When and why did you begin writing and illustrating children’s books?
In 1965, while I was a boxing reporter for the New York Times, I wrote a novel, “The Contender,” about a teen-aged Harlem high school drop-out who finds discipline and confidence learning to box (without becoming a great boxer.). Ursula Nordstrom, who was inventing the genre at Harper & Row, made it into a YA novel. The reaction from readers, the sense that I had touched lives, was thrilling, to this day far surpassing the reaction to my adult fiction, non-fiction, and journalism. It’s why I’m still writing middle-grade and YA fiction.
What is the principle inspiration for your books or illustrations?
I keep wanting to reach back and tell that fat, uncertain, bookish 13-year-old boy I was to hang in there, it’s going to work out if he just keeps reading and punching.
If you had to choose, which writer and illustrator would you consider a mentor?
I’ve had great editors as mentors – Ursula Nordstrom, Ferd Monjo, Charlotte Zolotow, Robert Warren, Ruth Katcher, and now Dinah Stevenson – and two towering YA writers as role models – Robert Cormier and Judy Blume.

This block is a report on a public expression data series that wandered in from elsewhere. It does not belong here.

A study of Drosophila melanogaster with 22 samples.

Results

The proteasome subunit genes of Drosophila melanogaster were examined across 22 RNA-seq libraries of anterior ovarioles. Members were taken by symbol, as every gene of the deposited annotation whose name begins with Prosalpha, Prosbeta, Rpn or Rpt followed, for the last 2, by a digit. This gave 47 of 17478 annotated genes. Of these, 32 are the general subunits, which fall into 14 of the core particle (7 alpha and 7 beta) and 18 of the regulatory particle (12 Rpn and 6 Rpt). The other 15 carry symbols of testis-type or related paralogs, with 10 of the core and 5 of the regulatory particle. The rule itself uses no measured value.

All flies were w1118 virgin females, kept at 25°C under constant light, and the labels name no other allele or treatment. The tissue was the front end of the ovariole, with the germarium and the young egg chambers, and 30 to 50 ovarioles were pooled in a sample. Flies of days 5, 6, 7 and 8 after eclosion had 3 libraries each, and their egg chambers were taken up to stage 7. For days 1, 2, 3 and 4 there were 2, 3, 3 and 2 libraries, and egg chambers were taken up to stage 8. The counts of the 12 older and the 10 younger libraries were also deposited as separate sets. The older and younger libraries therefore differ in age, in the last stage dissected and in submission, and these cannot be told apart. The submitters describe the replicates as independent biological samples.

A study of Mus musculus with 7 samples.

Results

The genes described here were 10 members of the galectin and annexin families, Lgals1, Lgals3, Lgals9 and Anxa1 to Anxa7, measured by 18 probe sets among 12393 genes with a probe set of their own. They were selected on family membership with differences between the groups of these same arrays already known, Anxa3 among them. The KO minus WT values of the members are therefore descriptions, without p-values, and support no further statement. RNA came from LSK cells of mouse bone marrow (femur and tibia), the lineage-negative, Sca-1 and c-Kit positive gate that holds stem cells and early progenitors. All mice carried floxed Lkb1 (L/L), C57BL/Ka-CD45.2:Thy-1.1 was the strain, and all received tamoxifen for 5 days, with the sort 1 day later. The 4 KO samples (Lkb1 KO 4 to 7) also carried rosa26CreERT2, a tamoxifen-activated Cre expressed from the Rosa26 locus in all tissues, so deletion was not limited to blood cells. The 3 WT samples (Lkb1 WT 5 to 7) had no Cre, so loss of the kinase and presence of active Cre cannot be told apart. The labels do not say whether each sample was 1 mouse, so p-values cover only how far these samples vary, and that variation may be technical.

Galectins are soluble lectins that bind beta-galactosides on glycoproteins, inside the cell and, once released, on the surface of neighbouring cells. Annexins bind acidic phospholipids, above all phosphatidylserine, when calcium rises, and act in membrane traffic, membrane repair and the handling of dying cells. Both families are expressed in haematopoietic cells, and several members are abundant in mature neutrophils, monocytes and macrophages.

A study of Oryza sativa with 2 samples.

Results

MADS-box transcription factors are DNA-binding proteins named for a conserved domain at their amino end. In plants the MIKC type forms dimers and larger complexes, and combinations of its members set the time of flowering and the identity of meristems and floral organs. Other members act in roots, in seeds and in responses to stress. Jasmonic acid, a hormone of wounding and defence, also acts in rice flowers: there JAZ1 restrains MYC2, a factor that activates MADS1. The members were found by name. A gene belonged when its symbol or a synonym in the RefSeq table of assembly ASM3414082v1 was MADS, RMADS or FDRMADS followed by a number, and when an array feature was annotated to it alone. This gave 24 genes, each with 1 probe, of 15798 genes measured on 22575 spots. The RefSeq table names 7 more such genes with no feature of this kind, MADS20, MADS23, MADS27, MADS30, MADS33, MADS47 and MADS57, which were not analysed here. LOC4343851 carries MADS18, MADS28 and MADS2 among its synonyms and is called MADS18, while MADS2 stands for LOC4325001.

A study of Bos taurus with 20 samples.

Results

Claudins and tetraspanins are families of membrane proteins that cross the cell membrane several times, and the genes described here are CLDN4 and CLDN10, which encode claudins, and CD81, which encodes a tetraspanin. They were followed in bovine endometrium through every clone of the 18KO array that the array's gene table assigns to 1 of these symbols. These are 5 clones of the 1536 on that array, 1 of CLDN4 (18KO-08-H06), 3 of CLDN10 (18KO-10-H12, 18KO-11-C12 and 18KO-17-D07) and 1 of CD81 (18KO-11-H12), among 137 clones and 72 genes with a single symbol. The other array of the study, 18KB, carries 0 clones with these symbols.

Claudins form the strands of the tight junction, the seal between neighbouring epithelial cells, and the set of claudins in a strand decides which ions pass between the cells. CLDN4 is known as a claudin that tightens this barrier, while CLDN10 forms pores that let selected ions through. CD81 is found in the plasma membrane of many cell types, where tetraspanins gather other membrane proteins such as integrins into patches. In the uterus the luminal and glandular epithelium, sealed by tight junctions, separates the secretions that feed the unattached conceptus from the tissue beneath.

What do you want young readers to learn or take away from your books?
That reading is fun.
Did you have any formal writing or art education, if so, where?
I was an English major in college, I have an M.S. in Journalism.
Which of your published books is your favorite and why?
I love them all for different reasons –to cite a few, “The Contender” was the first, “One Fat Summer” (soon to be a movie) was the most autobiographical, “Raiders Night,” was the toughest, and “The Twinning Project,” is the newest.
Learn more about Mr. Lipsyte and his work at his website by clicking here.